Police warn against impaired driving

By JEAN L. KAESS jkaess@daily-review.com

In addition to not being impaired while driving this holiday season, police are asking drivers to plan plenty of time to reach destinations and always make sure that drivers remain attentive to the task at hand.
Tfc. Stephen Hammons of the Louisiana State Police said, “One of the leading causes for crashes throughout Acadiana is driver inattentiveness.”
Designating a driver when planning to drink and wearing a seatbelt are typical holiday warnings, but Hammons added that drivers need to find ways to reduce distractions and make sure they leave in plenty of time.
St. Mary Parish Sheriff Mark Hebert said that if anything is hindering traffic, the department will let the public know as soon as possible via the news media and social media.
“While residents of St. Mary are enjoying the holiday with friends and family, the St. Mary Parish Sheriff’s Office will be on patrol to help ensure a safe and happy holiday in communities and high traffic areas across the parish. Enjoy the season, but keep it safe,” Hebert said.
The sheriff advised drivers to exercise patience on the roadways, and take breaks when driving long distances.
“Our patrol division will be on the lookout for erratic and impaired driving. The public can assist in helping to keep the roadways safe by reporting dangerous driving to the St. Mary Parish Sheriff’s Office, their local police agency or state police,” Hebert said.
Law enforcement agencies from across Louisiana have teamed up to participate in Drive Sober or Get Pulled Over, a statewide and national campaign designed to save lives over the Christmas and New Year’s holiday.
During the 2012 Christmas and New Year’s holiday period, 12 people were killed and more than 1,300 were injured in highway crashes in Louisiana. Alcohol use was a factor in more than half of last year’s highway fatalities during the end-of-the-year holiday.
This year’s Drive Sober or Get Pulled Over campaign will be in effect through Jan. 1.
“For many Louisiana people, this season is filled with back-to-back parties and long road trips to visit friends and family,” said Lt. Col. John LeBlanc, executive director of the Louisiana Highway Safety Commission. “The combination of more vehicles on the road and increased alcohol consumption can result in greater chances of being involved in a crash.”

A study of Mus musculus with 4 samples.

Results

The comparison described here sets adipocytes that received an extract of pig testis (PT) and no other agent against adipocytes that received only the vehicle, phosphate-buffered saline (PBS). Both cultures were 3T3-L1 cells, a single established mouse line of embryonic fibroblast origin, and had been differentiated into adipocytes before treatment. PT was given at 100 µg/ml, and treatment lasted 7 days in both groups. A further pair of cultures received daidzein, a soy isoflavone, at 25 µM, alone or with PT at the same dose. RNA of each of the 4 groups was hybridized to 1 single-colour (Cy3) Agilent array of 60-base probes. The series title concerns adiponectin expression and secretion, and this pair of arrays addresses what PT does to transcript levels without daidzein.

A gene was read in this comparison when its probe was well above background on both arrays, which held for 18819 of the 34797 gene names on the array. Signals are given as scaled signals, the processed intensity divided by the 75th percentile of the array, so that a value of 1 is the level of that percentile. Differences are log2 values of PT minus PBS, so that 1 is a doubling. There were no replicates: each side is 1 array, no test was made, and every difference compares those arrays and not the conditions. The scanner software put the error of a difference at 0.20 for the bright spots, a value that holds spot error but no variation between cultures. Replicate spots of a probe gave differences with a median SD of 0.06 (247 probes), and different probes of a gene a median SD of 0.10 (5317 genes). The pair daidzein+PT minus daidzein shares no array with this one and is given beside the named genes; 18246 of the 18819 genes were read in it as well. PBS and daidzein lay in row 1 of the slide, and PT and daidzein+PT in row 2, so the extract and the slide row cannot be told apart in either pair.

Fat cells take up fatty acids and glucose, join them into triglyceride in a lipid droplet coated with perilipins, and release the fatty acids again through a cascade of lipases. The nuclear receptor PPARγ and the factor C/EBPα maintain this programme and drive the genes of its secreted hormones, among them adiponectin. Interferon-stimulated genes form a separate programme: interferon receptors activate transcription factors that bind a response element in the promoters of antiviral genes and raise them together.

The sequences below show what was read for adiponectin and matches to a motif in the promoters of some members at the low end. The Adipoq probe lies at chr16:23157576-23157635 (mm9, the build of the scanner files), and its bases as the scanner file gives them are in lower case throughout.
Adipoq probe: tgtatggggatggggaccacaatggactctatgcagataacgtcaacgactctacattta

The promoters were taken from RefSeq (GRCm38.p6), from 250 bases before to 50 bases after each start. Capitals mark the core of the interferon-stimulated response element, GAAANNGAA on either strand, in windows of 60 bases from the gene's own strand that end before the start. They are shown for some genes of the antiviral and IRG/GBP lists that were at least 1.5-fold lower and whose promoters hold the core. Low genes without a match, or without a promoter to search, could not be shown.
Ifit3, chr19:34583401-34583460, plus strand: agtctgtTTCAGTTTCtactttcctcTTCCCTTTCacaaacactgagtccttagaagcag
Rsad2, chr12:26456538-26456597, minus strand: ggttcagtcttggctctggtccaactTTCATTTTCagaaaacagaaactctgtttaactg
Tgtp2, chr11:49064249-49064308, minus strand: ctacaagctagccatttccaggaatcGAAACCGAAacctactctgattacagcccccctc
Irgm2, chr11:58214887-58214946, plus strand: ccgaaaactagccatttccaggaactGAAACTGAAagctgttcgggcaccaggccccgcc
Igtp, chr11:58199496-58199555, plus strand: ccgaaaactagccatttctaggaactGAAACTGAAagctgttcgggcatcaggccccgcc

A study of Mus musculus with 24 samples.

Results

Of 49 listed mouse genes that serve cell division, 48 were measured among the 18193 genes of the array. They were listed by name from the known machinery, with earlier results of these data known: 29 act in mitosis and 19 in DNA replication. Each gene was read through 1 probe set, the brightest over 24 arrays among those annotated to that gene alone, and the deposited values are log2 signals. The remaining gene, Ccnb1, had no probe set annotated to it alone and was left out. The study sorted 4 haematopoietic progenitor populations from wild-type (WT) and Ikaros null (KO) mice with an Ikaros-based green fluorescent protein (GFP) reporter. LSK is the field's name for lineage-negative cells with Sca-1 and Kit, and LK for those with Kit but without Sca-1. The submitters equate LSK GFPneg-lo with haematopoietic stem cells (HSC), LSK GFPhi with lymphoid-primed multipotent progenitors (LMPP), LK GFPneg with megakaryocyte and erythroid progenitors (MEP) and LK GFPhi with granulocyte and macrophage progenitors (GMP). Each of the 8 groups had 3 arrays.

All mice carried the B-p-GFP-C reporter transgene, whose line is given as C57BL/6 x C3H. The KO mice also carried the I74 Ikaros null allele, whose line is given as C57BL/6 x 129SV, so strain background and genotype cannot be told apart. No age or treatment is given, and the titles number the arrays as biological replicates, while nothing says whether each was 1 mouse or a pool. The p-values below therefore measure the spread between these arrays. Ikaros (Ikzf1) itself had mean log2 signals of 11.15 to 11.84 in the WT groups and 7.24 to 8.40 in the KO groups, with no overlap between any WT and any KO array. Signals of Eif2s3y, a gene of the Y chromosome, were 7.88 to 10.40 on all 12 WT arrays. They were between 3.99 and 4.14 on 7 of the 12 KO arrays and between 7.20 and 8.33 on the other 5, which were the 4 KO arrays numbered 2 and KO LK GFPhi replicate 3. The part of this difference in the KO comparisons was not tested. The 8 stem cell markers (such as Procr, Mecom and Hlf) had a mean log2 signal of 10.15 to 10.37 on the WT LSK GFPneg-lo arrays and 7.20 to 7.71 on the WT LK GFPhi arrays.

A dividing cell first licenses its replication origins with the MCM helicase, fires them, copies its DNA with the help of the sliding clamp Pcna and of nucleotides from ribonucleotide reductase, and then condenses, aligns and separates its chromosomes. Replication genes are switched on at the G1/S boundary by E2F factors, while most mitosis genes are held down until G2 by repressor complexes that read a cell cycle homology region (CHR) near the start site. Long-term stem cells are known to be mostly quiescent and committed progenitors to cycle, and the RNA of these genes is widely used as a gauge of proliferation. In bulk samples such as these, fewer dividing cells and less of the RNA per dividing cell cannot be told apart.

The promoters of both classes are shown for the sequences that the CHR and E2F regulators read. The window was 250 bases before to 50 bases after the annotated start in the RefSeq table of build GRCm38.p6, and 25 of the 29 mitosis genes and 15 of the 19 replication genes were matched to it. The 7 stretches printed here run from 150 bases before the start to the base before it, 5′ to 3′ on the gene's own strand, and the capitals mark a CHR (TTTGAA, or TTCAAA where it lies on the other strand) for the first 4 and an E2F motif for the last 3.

Col. Mike Edmonson, state police superintendent, said troopers will do their part to keep Louisianans safe.
“Nothing can be more devastating than the tragedy of losing a loved one due to impaired driving — especially during these holidays,” Edmonson said. “Throughout the Christmas and New Year’s holidays, troopers, along with our law enforcement partners, will be doing our part to keep the highways safe.”
The St. Mary Parish Sheriff’s Department can be reached at 985-384-1622 or 337-828-1960. For state police, call *LSP (*577) from any cell phone.
Drivers should always call 911 in the event of an emergency.
We ask everyone to partner with us and make the right decision by not drinking and driving. When we say, Drive Sober or Get Pulled Over, we mean it.”
In this state in 2012, police made more than 27,500 driving while intoxicated arrests. Alcohol was a factor in 41 percent of Louisiana fatal crashes as well. Young adults are among those at greatest risk for driving impaired, and males make up an overwhelming majority of drivers killed in alcohol-related crashes, Edmonson said.
Louisiana laws provide significant penalties for impaired drivers, especially repeat offenders. One law imposes 15-day jail sentences on people caught driving while their licenses are suspended for a previous DWI violation. Another measure suspends for one year licenses of suspects who refuse to take a blood alcohol concentration test. A 2008 law requires some DWI offenders to install ignition interlocks in their vehicles. A first-offense DWI arrest can cost a driver more than $1,000 in fines, court costs, attorneys’ fees and increased insurance premiums.
The St. Mary Parish Sheriff’s Department can be reached at 985-384-1622 or 337-828-1960. For state police, call *LSP (*577) from any cell phone.
Drivers should always call 911 in the event of an emergency.